It's hard to say really. There are concrete examples in both directions I think.
For example, potato cakes used to 50c almost everywhere (10ish years ago), and now they are above 80c everywhere. $1 is not uncommon.
And yet, bread at woolworths has just gone down to 85c a loaf, and 7 years ago the cheapest loaf was $1.16.
I think that once you take into account inflation most things are pretty similar (except housing!).
The real question for me is whether the quality of the products we're buying is the same. Also the ethical and environmental picture behind the products. A $5 t-shirt from k-mart is good value for my dollar, but not good value for our global community.
Probably is buying less but I'm not particularly worried as I notice a leg of lamb isn't at $100 yet and I'm expecting to get a cheque in the mail from the utilities company since the carbon tax has gone. So all in all things are looking really "capital".
I have done food studies on prices and cost since I arrived here in 2009. I still have some receipts from then! Yes most food prices have gone up. However commodities like milk and bread are down. This is a marketing strategy to get the public to shop there. Once in the shop you don't just buy the cheap item...you shop for other things. Meat, fish and cheese the items most of us buy daily have gone up considerably.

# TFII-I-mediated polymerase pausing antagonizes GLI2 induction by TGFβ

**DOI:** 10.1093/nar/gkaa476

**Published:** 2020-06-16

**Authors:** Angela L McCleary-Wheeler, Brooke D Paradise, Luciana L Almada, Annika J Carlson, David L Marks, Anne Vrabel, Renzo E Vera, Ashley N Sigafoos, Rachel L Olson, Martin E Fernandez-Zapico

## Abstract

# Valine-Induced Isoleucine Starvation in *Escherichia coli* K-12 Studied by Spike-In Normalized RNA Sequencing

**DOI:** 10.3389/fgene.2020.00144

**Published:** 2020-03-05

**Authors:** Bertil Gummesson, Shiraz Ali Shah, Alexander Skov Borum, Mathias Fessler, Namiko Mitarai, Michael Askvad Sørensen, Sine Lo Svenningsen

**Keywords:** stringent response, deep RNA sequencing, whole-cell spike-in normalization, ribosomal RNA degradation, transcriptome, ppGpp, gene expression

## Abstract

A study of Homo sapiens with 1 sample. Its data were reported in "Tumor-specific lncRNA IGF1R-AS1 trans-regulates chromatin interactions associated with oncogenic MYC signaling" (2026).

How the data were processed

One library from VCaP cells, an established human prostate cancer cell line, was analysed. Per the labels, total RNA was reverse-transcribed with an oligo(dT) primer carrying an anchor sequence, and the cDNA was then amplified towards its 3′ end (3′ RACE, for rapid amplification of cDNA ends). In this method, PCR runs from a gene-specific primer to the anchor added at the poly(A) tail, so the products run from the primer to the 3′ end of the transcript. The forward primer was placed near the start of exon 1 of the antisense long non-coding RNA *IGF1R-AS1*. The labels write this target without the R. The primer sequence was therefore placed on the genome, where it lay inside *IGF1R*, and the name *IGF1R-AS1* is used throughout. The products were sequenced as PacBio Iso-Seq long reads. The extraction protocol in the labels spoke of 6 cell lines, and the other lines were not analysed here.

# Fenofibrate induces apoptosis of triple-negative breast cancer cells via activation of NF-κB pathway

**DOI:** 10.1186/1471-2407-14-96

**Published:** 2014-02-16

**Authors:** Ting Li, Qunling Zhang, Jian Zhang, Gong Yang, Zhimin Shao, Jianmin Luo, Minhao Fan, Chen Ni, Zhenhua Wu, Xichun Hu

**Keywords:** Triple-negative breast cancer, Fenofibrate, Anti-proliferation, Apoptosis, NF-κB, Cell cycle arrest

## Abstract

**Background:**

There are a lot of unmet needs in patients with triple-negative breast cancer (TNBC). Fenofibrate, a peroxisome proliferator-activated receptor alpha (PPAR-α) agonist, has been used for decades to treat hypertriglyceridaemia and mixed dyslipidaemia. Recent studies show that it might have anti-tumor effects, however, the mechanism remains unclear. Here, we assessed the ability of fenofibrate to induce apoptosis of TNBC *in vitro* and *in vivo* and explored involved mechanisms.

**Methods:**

Basic clothes in the chain stores have come down a little. Sadly this may have affected the people that have made the garments who live on almost nothing.
For those on a shoe string budget and eligible, seek out your local neighbourhood shop. My monthly pension income is 540 pounds sterling. which equates to around $1000 per calendar month when sent across.
From the shop last week I bought olive oil for $2 a bottle, string of oranges for $2, pandana cheese $2, tomato paste $1 and bread and rolls are free. Almond milk $1 and so on. There are many frozen goods as well frozen before they go out of date. I hope this has helped those on a shoe string budget.